Mast cell tumors are a complex health often diagnosed in dogs. Dog owners must understand these tumors' origins and treatment options to ensure a positive outcome. In this blog post, our vets in Diamond Bar will discuss mast cell tumors in dogs, including their causes, symptoms, diagnosis, treatment, and recovery. 

What is a Mast Cell?

To better understand mast cell tumors, it's important to know what mast cells are. These are a type of white blood cell that can be found in the skin and other tissues. They are important for the body's immune system, but when they become abnormal, they can lead to the development of mast cell tumors.

What is a Mast Cell Tumor?

A mast cell tumor (MCT) is a cancerous tumor composed of mast cells. These tumors usually appear as nodules or masses on the skin, but they can also affect other organs such as the spleen, liver, intestine, and bone marrow.

MCTs are the most common type of skin tumor in dogs, accounting for 7% to 21% of cases. Fortunately, most dogs with MCTs only develop a single tumor.

What Causes This Cancer? 

The cause of mast cell tumors (MCTs) in dogs is still unknown, but it is believed that both genetic and environmental factors may contribute to their development. The exact reason a particular dog develops MCTs or any cancer is still under investigation.

While MCTs can affect any breed of dog, certain breeds are more prone to these tumors, including boxers, English bulldogs, Boston terriers, pugs, golden retrievers, cocker spaniels, schnauzers, Staffordshire terriers, beagles, Rhodesian ridgebacks, Weimaraners, Chinese shar-peis, and Labrador retrievers.

MCTs are usually found in older dogs, with an average age of eight to nine years, and both males and females are equally affected.

What Does a Mast Cell Tumor Look Like on a Dog?

It can be difficult to identify a mast cell tumor on a dog as they can have varying sizes and textures, appearing as raised lumps or bumps on the skin.

Here are the most common symptoms of a small cell tumor and what they may look like:

  • Itching, redness, and swelling around the lump
  • They appear to be oval or irregularly shaped
  • Red-brown color
  • The lump may change in size
  • Occur anywhere on the body
  • Can appear suddenly and grow very quickly.
  • They can burst and start bleeding

How are Mast Cell Tumors in Dogs Diagnosed?

Diagnosing mast cell tumors typically involves a combination of physical examination, fine needle aspiration, and histopathology all done in our veterinary diagnostic lab. Veterinarians may perform a biopsy to confirm the presence of mast cells and determine the tumor's grade, which helps guide treatment decisions.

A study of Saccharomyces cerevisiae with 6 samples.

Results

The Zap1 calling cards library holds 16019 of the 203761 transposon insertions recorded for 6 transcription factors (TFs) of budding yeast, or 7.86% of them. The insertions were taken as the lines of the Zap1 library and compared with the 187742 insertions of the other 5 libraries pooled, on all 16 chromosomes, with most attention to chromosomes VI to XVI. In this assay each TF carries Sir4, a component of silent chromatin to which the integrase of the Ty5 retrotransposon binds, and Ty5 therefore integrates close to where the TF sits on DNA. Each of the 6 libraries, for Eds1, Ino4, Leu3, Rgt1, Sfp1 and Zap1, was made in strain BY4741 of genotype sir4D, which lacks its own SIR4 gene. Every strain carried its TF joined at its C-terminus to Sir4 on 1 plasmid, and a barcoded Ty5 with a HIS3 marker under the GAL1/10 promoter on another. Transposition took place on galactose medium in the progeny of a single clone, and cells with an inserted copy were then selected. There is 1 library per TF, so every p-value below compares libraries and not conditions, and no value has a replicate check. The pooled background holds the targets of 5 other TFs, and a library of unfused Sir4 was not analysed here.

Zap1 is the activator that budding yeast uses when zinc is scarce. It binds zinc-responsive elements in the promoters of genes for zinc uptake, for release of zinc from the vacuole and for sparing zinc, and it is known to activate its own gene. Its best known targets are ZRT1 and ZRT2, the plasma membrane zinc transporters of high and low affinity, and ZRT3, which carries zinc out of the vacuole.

How are Mast Cell Tumors Treated? 

Mast cell tumors in dogs can progress differently depending on many factors, such as the tumor's stage and grade. Treatment options vary, including surgery, radiation therapy, chemotherapy, or a combination of these treatments. The main goal of treatment is to remove the tumor and prevent it from spreading to other parts of the body.

Recent studies have shown that mast cell tumors have a genetic basis. Therefore, drugs targeted at proteins associated with cancer development, such as toceranib phosphate (Palladia®), are being developed. Other drugs such as tigilanol tiglate (Stelfonta®) cut off the tumor’s blood supply. Targeted therapy is a more practical option for patients with non-surgical MCT or those with recurrent MCT that has failed to respond to other chemotherapies.

For the best treatment options for your dog, consult a veterinarian at Diamond Bar Veterinary Clinic.

Life Expectancy & Recovery for Mast Cell Tumors in Dogs

The prognosis for dogs with mast cell tumors depends on various factors, including the tumor's grade, stage, and the effectiveness of the treatment administered. While some dogs may experience a tumor recurrence, others may lead a happy and healthy life after undergoing successful treatment. Monitoring the dog's health and providing follow-up care is crucial to ensure their well-being and detect any signs of recurrence at the earliest possible stage.

Note: The advice provided in this post is intended for informational purposes and does not constitute medical advice regarding pets. Please make an appointment with your vet to accurately diagnose your pet's condition. 

If you suspect your dog may have a mast cell tumor or notice any unusual lumps or symptoms, don't hesitate to contact your vets in Diamond Bar to book an examination. Early detection and intervention are key to increasing the chances for positive outcomes.